Tuesday 19.9.2017 in Latest Developments in Syria Country Page
Freedom of expression has always been a problematic issue in Syria; however, as the conflict in the country rages on, there are even more severe restrictions, threats and dangers to the exercise of the right to free expression. Recently, two journalists were killed in separate bomb attacks, media activists have been killed and the de facto authorities of the Army of Islam in Douma closed a news magazine and arrested and imprisoned journalists.
On 21st August 2017, according to the Committee to Protect Journalists (CPJ), Osama Nasr al-Zoabi, a correspondent with the Syrian Media Organisation, the main national government-owned media institution, was killed when his car hit an improvised explosive device on the road connecting the towns of Rakhm and al-Karak in eastern rural Daraa. According to a statement from the Syrian Media Organisation, his nephew and brother were also killed during the incident.
"The death of Osama Nasr al-Zoabi is a tragic reminder of the risks journalists face when reporting on the Syrian conflict." @sherifmnsour— CPJ (@pressfreedom) August 24, 2017
On 30th July 2017, CPJ also reported that Khaled Al-Khateb, a freelance correspondent with Russian government-funded broadcaster Russia Today (RT) was killed by a rocket allegedly fired by fighters from Da’esh. RT cameraman Muutaz Yaqoub was injured in the same incident.
According to the Syria Center for Journalistic Freedoms (SCFJ), attacks against journalists and the media increased in August 2017, with 21 violations documented after a decline in June and July. According to the SCFJ, Da’esh executed media activist Ali Yousuf Al-Radi in al-Mayadin city in Deir and media activist Hayyan Fadi Al-Ammari died of wounds he sustained in an explosive device attack in Daraa, south of Syria. In addition, during July and August the Syria Network for Human Rights reported that six media activists were killed, four injured and 12 abducted.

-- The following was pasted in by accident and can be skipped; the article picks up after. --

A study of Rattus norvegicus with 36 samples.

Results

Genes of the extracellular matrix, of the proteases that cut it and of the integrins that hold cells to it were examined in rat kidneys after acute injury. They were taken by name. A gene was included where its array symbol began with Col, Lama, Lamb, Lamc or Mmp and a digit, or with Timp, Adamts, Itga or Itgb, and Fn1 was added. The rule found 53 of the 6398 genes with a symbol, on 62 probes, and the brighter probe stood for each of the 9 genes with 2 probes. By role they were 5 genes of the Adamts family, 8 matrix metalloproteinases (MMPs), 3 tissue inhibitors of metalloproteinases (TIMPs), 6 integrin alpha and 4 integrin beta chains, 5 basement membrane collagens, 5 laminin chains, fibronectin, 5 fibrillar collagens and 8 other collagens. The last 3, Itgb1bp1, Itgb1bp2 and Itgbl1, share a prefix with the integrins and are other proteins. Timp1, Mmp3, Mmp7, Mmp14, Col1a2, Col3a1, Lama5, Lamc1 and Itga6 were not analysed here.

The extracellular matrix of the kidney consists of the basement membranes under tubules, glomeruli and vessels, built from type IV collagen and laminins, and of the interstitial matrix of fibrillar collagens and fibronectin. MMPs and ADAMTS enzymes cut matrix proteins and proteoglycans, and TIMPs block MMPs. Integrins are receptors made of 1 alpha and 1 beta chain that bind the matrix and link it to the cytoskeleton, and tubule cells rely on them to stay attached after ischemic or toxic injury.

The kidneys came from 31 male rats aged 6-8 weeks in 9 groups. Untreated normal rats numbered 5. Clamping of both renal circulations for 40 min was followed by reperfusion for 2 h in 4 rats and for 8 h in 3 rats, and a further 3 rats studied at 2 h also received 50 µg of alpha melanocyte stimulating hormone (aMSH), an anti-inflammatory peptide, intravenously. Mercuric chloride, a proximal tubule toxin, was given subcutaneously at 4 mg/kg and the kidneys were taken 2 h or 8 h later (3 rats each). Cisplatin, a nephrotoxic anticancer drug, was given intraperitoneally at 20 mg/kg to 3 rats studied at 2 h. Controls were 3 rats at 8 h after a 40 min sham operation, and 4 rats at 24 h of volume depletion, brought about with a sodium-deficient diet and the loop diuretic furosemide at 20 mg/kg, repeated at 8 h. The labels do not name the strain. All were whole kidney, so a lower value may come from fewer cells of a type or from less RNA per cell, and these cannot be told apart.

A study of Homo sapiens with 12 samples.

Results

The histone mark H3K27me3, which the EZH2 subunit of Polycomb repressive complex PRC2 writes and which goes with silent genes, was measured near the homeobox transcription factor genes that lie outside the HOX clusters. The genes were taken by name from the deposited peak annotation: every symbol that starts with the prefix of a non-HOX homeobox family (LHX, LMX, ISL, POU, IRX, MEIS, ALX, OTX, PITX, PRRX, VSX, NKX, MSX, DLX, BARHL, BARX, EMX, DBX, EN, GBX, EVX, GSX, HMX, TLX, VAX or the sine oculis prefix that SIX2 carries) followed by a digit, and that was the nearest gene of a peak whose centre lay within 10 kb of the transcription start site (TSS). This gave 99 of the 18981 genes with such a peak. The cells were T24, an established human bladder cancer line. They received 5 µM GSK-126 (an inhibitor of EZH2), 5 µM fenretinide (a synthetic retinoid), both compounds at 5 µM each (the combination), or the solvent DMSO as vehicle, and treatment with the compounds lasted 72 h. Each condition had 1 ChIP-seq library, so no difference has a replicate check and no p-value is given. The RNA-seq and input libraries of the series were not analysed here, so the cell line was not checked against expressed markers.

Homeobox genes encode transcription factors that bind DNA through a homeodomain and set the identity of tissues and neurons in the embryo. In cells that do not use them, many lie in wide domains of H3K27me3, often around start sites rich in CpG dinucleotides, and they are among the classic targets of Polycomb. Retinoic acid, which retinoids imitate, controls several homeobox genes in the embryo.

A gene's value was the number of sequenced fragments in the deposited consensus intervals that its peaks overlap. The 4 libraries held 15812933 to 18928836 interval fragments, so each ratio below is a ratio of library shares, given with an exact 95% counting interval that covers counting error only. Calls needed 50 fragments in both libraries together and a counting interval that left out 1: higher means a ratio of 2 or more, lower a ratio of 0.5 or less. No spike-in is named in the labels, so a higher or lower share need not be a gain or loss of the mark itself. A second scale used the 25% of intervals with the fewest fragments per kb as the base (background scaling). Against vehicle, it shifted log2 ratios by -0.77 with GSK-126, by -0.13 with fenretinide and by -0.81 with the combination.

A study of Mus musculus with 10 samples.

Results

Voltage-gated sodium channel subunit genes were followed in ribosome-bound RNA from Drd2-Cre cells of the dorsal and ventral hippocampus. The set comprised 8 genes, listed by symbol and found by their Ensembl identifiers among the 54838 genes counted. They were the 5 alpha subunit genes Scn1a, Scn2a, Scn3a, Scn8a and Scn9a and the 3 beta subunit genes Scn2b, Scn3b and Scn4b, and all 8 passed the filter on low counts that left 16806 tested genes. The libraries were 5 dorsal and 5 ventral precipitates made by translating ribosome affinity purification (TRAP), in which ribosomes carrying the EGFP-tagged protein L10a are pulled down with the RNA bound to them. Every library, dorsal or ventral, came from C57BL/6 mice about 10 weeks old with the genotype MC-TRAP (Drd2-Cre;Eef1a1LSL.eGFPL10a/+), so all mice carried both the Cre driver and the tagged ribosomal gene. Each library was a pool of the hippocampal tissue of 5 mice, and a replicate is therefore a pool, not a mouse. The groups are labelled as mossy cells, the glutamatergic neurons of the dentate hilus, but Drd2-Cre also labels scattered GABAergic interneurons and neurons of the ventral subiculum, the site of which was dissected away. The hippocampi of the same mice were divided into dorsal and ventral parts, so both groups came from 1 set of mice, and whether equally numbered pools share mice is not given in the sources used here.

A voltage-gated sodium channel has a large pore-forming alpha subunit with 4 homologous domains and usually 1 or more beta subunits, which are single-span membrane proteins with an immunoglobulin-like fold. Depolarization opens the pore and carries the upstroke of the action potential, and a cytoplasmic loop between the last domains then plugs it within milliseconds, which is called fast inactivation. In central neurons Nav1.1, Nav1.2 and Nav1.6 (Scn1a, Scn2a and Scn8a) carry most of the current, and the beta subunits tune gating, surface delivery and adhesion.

In July 2017, the magazine Talaana Aaharih (Rising for Freedom) was banned in Douma and two of its journalists sentenced to prison over an article published earlier this year, as reported by GCHR. On 11th July 2017, after a trial in Douma, journalists Laila Al-Safadi and Shawkat Garziddin were sentenced in absentia to two months in prison. Journalist Osama Nassar, assistant editor-in-chief and director of its main office in Douma, was found not guilty. The court had accused the magazine of defaming the image of Allah and hurting the feelings of Muslims in Syria.
In a separate incident, Reporters without Borders and the Skeyes Centre for Media and Cultural Freedom reiterated its calls for the release of U.S. freelance journalist Austin Tice, who was kidnapped over five years ago.
A group of 100 people from the Army of Islam in Douma attacked the Violations Documentation Centre, a civil... https://t.co/iXTj0KvZ90— Syria Solidarity SSC (@SSCupdate) August 14, 2017
According to the GCHR, on 13th August 2017 a mob of around 100 supporters of the Islamic Army attacked the offices of the Violations Documentation Centre (VDC) in Douma, Eastern Ghouta, destroying the office and taking equipment and papers, and assaulting the staff. VDC has been previously and severally targeted by armed and unknown groups as reported previously by the Monitor.
On the occasion of the United Nations International Day of the Victims of Enforced Disappearances on 30th August 2017, 23 national and international civil society organisations called for the release of Syrians who have been disappeared, and demanded justice, truth and reparation for the victims of enforced disappearances. Tens of thousands of Syrians, including many human rights defenders (HRD), have been disappeared since the Syrian conflict began. Among those who were disappeared was HRD and software engineer Bassel Khartabil. In March 2012, government forces arrested Khartabil and he was held in incommunicado detention for eight months. On 1st August 2017, nearly two years since his family last heard from him, Khartabil’s wife learned that the government had executed him.
Among those whose whereabouts remain unknown are Syrian lawyer Khalil Ma’atouq, disappeared since he was arrested at a government military checkpoint in October 2012; and Syrian human rights defenders Razan Zaitouneh, Samira Al-Khalil, Wa’el Hamadeh, and Nazem Hammadi, who were kidnapped from VDC offices during a raid by armed, masked gunmen in Douma on 9th December 2013.